Friday, May 22, 2015

How Yoshitaka Fujii, the Biggest Fabricator in Science, Got Caught

In April of 2000, the journal Anesthesia & Analgesia published a letter to its editor from Peter Kranke and two colleagues that was fairly dripping with sarcasm. The trio of academic anesthesiologists took aim at an article published by a Japanese colleague named Yoshitaka Fujii, whose data on a drug to prevent nausea and vomiting after surgery were, they wrote, "incredibly nice."

In the language of science, calling results "incredibly nice" is not a compliment—it's tantamount to accusing a researcher of being cavalier, or even of fabricating findings. But rather than heed the warning, the journal, Anesthesia & Analgesia, punted. It published the letter to the editor, together with an explanation from Fujii, which asked, among other things, "how much evidence is required to provide adequate proof?" In other words, "Don't believe me? Tough." Anesthesia & Analgesia went on to publish 11 more of Fujii's papers. One of the co-authors of the letter, Christian Apfel, then of the University of W├╝rzburg, in Germany, went to the United States Food and Drug Administration to alert them to the issues he and his colleagues had raised. He never heard back.

Fujii, perhaps recognizing his good luck at being spared more scrutiny, mostly stopped publishing in the anesthesia literature in the mid-2000s. Instead, he focused on ophthalmology and otolaryngology, fields in which his near miss would be less likely to draw attention. By 2011, he had published more than 200 studies in total, a very healthy output for someone in his field. In December of that year, he published a paper in the Journal of Anesthesia. It was to be his last.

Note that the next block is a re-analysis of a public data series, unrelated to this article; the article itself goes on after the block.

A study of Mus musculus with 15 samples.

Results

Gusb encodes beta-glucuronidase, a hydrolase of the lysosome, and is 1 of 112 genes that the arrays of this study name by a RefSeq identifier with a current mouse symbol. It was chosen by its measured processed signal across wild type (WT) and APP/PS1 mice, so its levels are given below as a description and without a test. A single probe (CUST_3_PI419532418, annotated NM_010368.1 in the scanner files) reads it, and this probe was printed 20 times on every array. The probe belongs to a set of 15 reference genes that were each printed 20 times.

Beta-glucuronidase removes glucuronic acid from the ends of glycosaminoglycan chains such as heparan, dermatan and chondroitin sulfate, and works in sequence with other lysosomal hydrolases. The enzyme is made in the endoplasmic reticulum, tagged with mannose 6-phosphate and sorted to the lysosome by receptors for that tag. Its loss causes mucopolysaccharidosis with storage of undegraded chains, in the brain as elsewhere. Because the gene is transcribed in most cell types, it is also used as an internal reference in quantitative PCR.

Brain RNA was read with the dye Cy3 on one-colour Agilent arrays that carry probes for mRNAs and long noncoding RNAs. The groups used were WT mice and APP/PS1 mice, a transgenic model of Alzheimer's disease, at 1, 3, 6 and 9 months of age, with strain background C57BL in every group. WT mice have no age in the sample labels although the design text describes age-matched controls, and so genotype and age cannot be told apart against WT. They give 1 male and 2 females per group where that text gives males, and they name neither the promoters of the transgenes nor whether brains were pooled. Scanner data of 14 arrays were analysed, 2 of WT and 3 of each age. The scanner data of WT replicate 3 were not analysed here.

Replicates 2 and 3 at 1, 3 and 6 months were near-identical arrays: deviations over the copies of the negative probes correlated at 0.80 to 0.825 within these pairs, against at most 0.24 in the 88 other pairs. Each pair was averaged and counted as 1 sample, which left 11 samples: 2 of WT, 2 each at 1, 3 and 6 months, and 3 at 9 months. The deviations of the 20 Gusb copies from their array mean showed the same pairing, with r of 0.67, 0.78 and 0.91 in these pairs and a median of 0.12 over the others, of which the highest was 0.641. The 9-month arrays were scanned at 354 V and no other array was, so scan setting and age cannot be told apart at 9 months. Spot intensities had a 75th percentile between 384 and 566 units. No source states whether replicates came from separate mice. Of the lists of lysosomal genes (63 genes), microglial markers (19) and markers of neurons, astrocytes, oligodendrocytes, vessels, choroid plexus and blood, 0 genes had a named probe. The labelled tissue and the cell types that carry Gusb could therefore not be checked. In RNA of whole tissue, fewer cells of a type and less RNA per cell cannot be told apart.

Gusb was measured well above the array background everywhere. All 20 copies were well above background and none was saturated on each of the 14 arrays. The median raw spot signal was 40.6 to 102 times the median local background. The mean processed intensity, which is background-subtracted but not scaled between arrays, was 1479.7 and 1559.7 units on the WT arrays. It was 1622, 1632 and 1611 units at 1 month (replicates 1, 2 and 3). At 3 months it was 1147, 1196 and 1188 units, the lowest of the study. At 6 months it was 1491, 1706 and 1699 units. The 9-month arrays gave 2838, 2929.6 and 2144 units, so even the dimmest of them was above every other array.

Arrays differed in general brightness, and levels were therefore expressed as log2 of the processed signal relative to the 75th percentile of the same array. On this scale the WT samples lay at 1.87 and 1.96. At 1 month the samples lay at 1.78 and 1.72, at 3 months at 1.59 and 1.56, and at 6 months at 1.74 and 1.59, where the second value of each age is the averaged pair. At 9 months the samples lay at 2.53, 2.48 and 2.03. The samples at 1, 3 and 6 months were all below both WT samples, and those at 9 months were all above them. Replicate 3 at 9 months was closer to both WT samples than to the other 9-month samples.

Over the next two years, it became clear that he had fabricated much of his research—most of it, in fact. Today he stands alone as the record-holder for most retractions by a single author, at a breathtaking 183, representing roughly 7 percent of all retracted papers between 1980 and 2011. His story represents a dramatic fall from grace, but also the arrival of a new dimension to scholarly publishing: Statistical tools that can sniff out fraud, and the "cops" that are willing to use them.


Medical students, meet Patrick.

The latest in training technology, Patrick is a simulated patient that talks to medical students while offering real-time feedback about the virtual prostate exam he's receiving. While a perplexing site to behold — users actually check the mock prostate of a dummy's rear end — doctors have praised the technology for allowing students to familiarize themselves with intimate exams before they ever encounter a live patient.

Patrick serves a dual purpose: personal and professional. Personally, he comes equipped with software that enables him to interact emotionally with the student and voice any concerns he has about the procedure. Dr. Benjamin Lok, one of the program's designers, says the interpersonal relationship Patrick helps foster is invaluable from a practicing perspective. "This virtual human patient can talk to the learner, expresses fears and concerns about the prostate exam, and presents a realistic patient encounter," Lok told Geekosystem.

The other purpose he serves is functional. Patrick is endowed with force sensors, which can alert the student when he or she is being too aggressive, and can report how thorough the student was in his or her examination.

"Consider this," Lok said, "how would a medical student know if they are doing a good prostate exam? Currently it is impossible for the educator to gauge performance. This simulation provides performance, feedback, and an opportunity to learn and lower anxiety."